The story of the WI Calendar Girls is probably one with which most of us are familiar. The sentiment and sincerity behind the tale has me on side from the word go, before I even step inside the theatre. The story goes: a group of WI ladies from Yorkshire, most of whom are a  little over the hill – though none of whom are any less vibrant and mischievous – decide to produce and sell a nude WI calendar in memory of Annie’s late husband, John, in order to raise money for the Leukaemia Research Fund.

Even though it’s inspired by a true story, the plot may seem like the stuff of the director of Glee’s dreams; an optimistic success story, possibly complete with a feel-good musical finale. However, with original writer of the 2003 film’s screenplay Tim Firth on board and direction from (yet another ex-Eastender) Jack Ryder, the play is nothing of the sort. The audience were in hysterics from the get-go, with Lynda Bellingham doing a fantastic turn as brash and ballsy Chris, and the utterly adorable June Watson as no-nonsense pensioner Jessie.

While the cast was mostly well-chosen and acted with sincerity, Ruth Madoc being another example as social-climbing WI leader Marie, there were a couple of characters who left me a little cold. In what was essentially a glorified cameo role, ex-Strictly Come Dancing professional Camilla Dallerup’s airheaded make-up artist felt over acted and the strained facial expressions reminded me a little of those seen in school plays. Jennifer Ellison’s character Cora played out along similar lines. Whilst I enjoyed the youth and enthusiasm she brought to the production, her character demanded a much nimbler grasp of comedic timing and skill than Ellison could really offer. This was mostly due to her desire to over-enunciate every line and frequent attempts to elicit facial animation by relying on her eyebrows.

I also found myself perplexed as to the reason for the stage’s sloped surface whose gradient was twice increased to an almost alarming angle, to represent a hill on the Yorkshire moors. It looked a little precarious and made me fear for the actors’ safety to watch them teeter around on it under the pretence that it was all entirely normal. The last thing we’d have needed was lovely June Watson nose-diving head first into the front row.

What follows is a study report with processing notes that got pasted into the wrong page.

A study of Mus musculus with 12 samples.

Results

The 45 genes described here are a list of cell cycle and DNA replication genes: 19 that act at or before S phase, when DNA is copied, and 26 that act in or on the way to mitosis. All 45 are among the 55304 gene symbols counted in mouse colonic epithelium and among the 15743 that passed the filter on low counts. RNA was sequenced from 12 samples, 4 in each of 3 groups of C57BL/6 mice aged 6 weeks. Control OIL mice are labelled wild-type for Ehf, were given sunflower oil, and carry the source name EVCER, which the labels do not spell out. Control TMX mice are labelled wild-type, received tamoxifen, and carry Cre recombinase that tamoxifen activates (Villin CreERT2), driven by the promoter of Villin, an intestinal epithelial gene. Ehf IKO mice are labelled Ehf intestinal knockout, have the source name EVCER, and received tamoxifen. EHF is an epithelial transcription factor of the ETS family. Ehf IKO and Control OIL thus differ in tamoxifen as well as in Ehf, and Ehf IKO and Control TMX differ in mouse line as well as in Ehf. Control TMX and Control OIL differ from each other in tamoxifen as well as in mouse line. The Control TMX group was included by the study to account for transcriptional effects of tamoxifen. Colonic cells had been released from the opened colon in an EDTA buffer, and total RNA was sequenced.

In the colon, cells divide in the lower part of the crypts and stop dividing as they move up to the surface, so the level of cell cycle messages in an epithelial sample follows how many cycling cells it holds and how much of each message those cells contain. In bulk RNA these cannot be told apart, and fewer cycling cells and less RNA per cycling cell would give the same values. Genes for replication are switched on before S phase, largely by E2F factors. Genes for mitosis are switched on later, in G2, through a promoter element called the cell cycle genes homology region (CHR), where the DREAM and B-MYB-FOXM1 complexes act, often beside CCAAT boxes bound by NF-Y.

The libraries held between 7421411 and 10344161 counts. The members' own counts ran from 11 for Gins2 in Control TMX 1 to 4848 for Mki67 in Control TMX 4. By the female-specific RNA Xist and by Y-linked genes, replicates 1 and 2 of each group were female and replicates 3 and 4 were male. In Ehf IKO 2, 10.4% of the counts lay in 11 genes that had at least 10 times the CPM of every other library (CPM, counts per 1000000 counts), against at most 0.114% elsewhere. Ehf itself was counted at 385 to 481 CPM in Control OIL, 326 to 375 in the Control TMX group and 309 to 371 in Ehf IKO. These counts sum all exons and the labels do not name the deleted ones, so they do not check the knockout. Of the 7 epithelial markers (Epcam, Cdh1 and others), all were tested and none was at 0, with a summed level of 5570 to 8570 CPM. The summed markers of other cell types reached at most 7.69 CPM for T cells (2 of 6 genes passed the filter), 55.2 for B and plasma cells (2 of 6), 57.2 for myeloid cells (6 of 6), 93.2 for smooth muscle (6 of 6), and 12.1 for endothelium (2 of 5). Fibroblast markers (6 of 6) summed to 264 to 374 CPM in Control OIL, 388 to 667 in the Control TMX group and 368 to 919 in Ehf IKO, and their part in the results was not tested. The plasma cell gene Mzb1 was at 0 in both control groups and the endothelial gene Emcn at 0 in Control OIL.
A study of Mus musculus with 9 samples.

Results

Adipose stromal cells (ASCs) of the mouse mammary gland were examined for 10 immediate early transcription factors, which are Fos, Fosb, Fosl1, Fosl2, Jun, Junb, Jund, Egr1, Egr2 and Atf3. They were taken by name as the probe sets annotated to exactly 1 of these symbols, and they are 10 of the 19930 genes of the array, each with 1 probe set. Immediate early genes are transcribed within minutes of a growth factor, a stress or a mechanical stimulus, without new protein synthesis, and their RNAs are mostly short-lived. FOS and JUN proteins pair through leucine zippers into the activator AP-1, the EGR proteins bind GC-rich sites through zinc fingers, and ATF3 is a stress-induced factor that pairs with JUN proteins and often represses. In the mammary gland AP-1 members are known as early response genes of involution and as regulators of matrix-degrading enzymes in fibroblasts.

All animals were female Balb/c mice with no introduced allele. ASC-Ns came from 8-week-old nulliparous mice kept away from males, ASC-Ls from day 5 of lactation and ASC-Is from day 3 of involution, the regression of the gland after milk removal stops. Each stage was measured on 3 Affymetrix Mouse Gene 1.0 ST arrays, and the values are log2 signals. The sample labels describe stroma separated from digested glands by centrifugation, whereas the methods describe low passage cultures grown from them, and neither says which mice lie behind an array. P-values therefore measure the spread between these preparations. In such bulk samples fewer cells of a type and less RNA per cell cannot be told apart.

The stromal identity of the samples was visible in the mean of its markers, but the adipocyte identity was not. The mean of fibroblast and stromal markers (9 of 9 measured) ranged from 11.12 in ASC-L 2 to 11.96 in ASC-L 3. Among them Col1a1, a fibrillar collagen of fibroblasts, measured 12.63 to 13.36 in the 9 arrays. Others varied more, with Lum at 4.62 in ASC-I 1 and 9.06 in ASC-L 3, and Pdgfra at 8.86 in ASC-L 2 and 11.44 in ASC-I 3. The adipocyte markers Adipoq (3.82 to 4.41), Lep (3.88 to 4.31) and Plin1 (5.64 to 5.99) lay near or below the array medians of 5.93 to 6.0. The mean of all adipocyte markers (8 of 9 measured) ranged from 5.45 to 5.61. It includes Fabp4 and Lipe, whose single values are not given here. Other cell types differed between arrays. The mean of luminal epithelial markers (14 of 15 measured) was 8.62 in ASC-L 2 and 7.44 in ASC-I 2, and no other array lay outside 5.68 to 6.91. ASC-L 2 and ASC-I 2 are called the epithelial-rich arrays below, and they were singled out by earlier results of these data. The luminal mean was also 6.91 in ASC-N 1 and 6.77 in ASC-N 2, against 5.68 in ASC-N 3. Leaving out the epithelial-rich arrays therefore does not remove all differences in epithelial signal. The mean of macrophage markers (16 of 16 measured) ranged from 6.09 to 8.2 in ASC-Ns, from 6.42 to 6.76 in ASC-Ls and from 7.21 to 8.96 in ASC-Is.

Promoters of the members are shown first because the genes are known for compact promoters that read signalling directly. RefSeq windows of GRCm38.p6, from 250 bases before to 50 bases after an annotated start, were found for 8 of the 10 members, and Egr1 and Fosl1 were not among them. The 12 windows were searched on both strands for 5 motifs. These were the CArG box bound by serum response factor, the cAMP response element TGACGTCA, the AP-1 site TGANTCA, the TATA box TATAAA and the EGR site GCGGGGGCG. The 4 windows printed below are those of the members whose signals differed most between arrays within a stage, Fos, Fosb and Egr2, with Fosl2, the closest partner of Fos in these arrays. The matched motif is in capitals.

In spite of these small imperfections, my enjoyment of the story was such that I could overlook any arguable flaws and allow myself to be swept up in its humour, grief and humanity. The story in itself requires little modification, thus it was nice to see that Firth and Ryder had stayed relatively faithful to the original tale without (much) distraction from the actors and staging. What I think engaged the audience was the connection forged by the production’s honesty and familiarity with events we may experience in our own lives as we advance in years; some joyful, some not. As Jessie so accurately states in a scene, “I don’t have a problem with age, it has a problem with me.”

Calendar Girls is playing at the Richmond Theatre until 3rd December. For more information and tickets, see the Richmond Theatre’s website.